I breathed a sigh of relief today when I read that Trump et al. have decided not to go ahead with an all-out laptop ban on flights landing in the USA. Heightened security measures and extra screening, those I can live with [even if the logic behind singling out those particular six countries for special treatment is also beyond me…]. But not letting me take my laptop on board? That is one sure way to put me on a train or make the USA a no-fly zone for me going forward.
I can count on one hand the number of times my baggage has gone astray. But I could fill telephone books with the names and addresses of others who have lost theirs – for days, weeks, and even months at a time. Add to this list, stories of opened luggage and missing items, and it certainly wouldn’t entice me to pack my laptop into my checked luggage and hope for the best.
No doubt there’s a whole generation of people coming up behind me who store all their information in the cloud and don’t need a personal laptop to access it. Any laptop or iPad or whatever will do. More still will be accessing emails and such on their watches. Me, I’m old school. My fingers are used to my keyboard, my laptop. I don’t want to have to retrain them every trip to navigate someone else’s machine. But I can see the way the bytes are falling and no doubt, any day now, I’ll run out of options and simply have to conform.
Jon Russell wrote up his experiences of travelling without devices on Emirates back in May for TechCrunch. It cleared up a lot for me. I had wondered whether laptops, tablets, kindles, and cameras would be seized at random and disposed of (like offending liquids or sharp objects), or whether they’d be boxed, checked and delivered once you land. It’s the latter, apparently.
But when was it decided that laptops and tablets were the bad guys? What happened to shoes and large tubes of toothpaste? Who decides this stuff? Is there an anti-Apple lobbyist at the back of it all? And would it really matter whether the laptop was in the cabin or in the hold? [Think Lockerbie and Pan Am flight 103.] If it’s going to blow, it’ll blow. I’m not getting it. I simply don’t understand how rational minds can reason this. Didn’t anyone do a cost-benefit analysis?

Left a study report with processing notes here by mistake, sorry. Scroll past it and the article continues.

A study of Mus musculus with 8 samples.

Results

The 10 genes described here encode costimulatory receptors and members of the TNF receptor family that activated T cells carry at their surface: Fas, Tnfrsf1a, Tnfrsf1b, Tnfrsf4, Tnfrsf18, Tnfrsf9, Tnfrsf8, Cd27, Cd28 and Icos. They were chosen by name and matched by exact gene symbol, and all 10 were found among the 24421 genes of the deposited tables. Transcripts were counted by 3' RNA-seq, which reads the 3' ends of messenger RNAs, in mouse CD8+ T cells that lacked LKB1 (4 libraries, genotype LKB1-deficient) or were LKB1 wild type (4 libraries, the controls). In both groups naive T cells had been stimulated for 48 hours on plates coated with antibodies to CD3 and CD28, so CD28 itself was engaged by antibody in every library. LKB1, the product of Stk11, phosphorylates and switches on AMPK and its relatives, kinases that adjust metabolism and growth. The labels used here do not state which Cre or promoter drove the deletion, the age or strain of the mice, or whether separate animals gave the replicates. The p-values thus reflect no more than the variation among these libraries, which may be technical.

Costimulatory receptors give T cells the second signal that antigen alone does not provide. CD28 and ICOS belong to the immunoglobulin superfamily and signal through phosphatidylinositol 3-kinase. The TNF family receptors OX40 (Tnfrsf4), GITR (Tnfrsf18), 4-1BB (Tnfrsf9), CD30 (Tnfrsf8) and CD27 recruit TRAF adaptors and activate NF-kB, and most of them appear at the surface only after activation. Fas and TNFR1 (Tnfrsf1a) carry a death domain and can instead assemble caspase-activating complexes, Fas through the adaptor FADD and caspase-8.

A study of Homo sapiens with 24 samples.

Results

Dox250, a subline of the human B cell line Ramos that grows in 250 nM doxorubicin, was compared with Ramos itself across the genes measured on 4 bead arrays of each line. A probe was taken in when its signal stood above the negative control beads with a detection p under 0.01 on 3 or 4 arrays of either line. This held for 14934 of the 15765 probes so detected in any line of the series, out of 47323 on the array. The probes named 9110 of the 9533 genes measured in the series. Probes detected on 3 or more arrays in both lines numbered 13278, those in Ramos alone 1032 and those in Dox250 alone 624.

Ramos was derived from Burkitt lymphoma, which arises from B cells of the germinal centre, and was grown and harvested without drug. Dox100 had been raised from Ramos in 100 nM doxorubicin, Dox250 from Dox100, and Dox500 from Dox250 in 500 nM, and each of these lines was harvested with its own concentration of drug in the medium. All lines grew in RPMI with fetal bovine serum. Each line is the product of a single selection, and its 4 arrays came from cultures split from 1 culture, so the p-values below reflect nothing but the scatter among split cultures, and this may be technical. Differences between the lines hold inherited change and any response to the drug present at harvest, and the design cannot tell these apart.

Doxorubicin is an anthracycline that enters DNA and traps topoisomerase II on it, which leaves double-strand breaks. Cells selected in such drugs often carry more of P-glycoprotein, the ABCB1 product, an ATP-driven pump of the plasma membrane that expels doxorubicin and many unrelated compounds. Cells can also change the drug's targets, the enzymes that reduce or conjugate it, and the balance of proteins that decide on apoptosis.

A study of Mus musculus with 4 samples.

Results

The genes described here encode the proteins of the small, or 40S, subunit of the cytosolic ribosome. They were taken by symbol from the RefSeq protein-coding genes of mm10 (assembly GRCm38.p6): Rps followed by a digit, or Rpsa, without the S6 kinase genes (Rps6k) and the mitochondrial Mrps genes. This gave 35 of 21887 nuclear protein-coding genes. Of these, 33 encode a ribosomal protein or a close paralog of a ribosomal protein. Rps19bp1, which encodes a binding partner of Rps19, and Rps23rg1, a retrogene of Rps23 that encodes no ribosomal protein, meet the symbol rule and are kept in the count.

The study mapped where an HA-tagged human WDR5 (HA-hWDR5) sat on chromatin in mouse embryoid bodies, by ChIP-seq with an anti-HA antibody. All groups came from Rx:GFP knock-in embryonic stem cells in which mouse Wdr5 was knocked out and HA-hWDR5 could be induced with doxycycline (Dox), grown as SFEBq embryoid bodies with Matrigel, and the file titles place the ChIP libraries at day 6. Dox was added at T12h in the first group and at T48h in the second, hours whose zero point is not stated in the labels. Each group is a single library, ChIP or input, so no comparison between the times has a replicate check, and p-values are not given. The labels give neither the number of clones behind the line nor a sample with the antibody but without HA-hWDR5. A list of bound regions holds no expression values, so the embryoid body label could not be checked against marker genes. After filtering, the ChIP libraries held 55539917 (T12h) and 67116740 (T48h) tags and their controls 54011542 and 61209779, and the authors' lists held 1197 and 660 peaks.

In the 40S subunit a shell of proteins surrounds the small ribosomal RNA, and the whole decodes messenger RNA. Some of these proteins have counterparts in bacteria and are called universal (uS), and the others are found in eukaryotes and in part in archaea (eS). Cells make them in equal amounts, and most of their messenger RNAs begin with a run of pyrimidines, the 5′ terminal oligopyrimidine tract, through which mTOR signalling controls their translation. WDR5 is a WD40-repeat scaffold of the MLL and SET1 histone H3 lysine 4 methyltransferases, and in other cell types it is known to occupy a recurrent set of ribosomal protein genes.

And how would these rules be universally applied? I can bring a penknife on board a flight leaving from Budapest Liszt Ferenc Airport (as long as the blade is no more than 3 cm in length) but I can’t bring a set of tweezers out of Havana. I can’t bring a knitting needle on board, but I can bring an umbrella, with its myriad spokes that could be sharpened to lethal ends. And don’t get me started on liquids. I am all for security. I’m all for screening. I’m all for making the airways safer to travel. But honestly, lads, can’t we rethink some of this?
So, as long as airlines comply with the new rules, then the laptop ban won’t be expanded. And those countries where the laptop ban currently applies, they’ll have a chance to get off the list, if they comply. It’ll mean tagging on an extra hour to your flight for more extensive pre-boarding security checks, but hey… that’s the price of flying these days.
But it’s time to start working on my bagging-handling trust issues and on curbing my separation anxiety – just in case.